Lily Nichols, 11, went fishing with her uncle when she was 5, but she hasn’t been since and she never caught a fish.
Until Thursday morning.
“Hoping today’s my day, since I’ve never caught anything,” Lily said before climbing into a boat with three other fifth-grade students from Eastwood Elementary School during Kids’ Day at Cooper Creek Reservoir.
About 20 guides broke the 70 students into small groups and took them out in their boats and helped them bait and cast their lines. The event’s director, Chris Baumgartner, said the day is meant to reward the students for their work with the Rock Creek Fish Hatchery on the school campus.
“Everybody from the community has kind of pitched in,” Baumgartner said. “A lot of these kids have either never been in a boat or never been fishing. Kids’ Day is really one of the special days we have for the fishing derby.”
The event is hosted as part of the Umpqua Fishery Enhancement Derby, which raises money for enhancement projects for the local rivers. In the past 26 years, the derby has raised more than $1.5 million for fish habitat restoration projects.
“The results are yes, it is making a difference,” Baumgartner said.
The derby started with student day on Wednesday, where seniors from local high schools got more targeted education about collecting, spawning and tracking steelhead.
“This day is all about the kids, the next two days are for the adults,” said Dave Loomis, who was a previous director.
Loomis said Kids’ Day has been held for about 20 years, almost as long as the derby, which is in its 27th year.
Before the students even got off the two buses, Oregon State Troopers, including Aaron Baimbridge, got on the buses and gave the students a quick course in safety. Straight from the bus doors, the students lined up for lifejackets donated by North River Boats.
“We do inspections for the guides,” Baimbridge said. “Also, we enjoy being able to spend time with the kids and make a good impression on them. Hopefully we’ll help them have a good day.”
The students shouted at each other from their boats, all within about a 30-foot radius of the end of the dock. Some caught three or more fish and returned them to the water while others, like Isaac Madison, 11, watched and willed the fish to stop nibbling and start biting.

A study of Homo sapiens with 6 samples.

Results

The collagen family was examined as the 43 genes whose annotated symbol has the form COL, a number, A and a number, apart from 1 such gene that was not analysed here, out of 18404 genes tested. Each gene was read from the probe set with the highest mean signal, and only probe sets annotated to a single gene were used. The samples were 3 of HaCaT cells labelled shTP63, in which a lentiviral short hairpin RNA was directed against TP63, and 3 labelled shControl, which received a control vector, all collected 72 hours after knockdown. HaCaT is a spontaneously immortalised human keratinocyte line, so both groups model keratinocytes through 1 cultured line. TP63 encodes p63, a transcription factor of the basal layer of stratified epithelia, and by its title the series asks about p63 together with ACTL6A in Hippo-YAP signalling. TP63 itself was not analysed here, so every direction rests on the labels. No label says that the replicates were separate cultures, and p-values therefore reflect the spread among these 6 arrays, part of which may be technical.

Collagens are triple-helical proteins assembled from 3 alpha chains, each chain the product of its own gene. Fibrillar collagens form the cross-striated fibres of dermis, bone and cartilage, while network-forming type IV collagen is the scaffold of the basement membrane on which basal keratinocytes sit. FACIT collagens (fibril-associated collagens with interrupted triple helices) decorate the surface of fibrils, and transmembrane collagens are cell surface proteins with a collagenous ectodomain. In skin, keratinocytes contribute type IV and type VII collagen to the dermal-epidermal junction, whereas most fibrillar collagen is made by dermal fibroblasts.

“The biggest fish I ever caught was 25 pounds,” Isaac said. “Now I can’t catch anything.”
Isaac’s guide, Gary Lewis, knew that the students who were catching fish had a serious advantage over most other anglers since he watched with the students as two trucks from Willamette Valley fisheries shot thousands of fish into the water.
“It’s just fun to come out with the derby and help these kids fish,” Lewis said.
After about an hour on the water in the drift boats, Baumgartner got the kids to line up against the fence, still in their life jackets, as five jet boats raced up from around the bend. The kids loaded up in the boats in groups of three to five and rode up the creek. For some, it was their first time in a jet boat.
Fifth-grade teacher Camron Pope convinced his students J’leigh Thacker and Litia Thompson to sit in the back of the boat and told the driver, “The wetter the better.”
J’leigh’s jaw dropped when the first big wave came. She held on to the metal railing whenever she wasn’t holding her hood down to the keep the water out of her eyes. By the end, both girls were laughing at how wet their clothes were and trusted Pope’s promise they would warm up quickly.
“I’ve flown in a freaking plane before and this is scarier,” Keagan Applegarth, 11, said after a few bumps in the water. “Never again.”
He gripped his seat with two hands and moved for a better hold whenever he was given advice while Isaac and another student laughed through the water that came pouring over the sides on big turns and quick stops.
When Keagan saw the dock that signaled the end of the trip he looked to the driver and asked, “Can we go again?”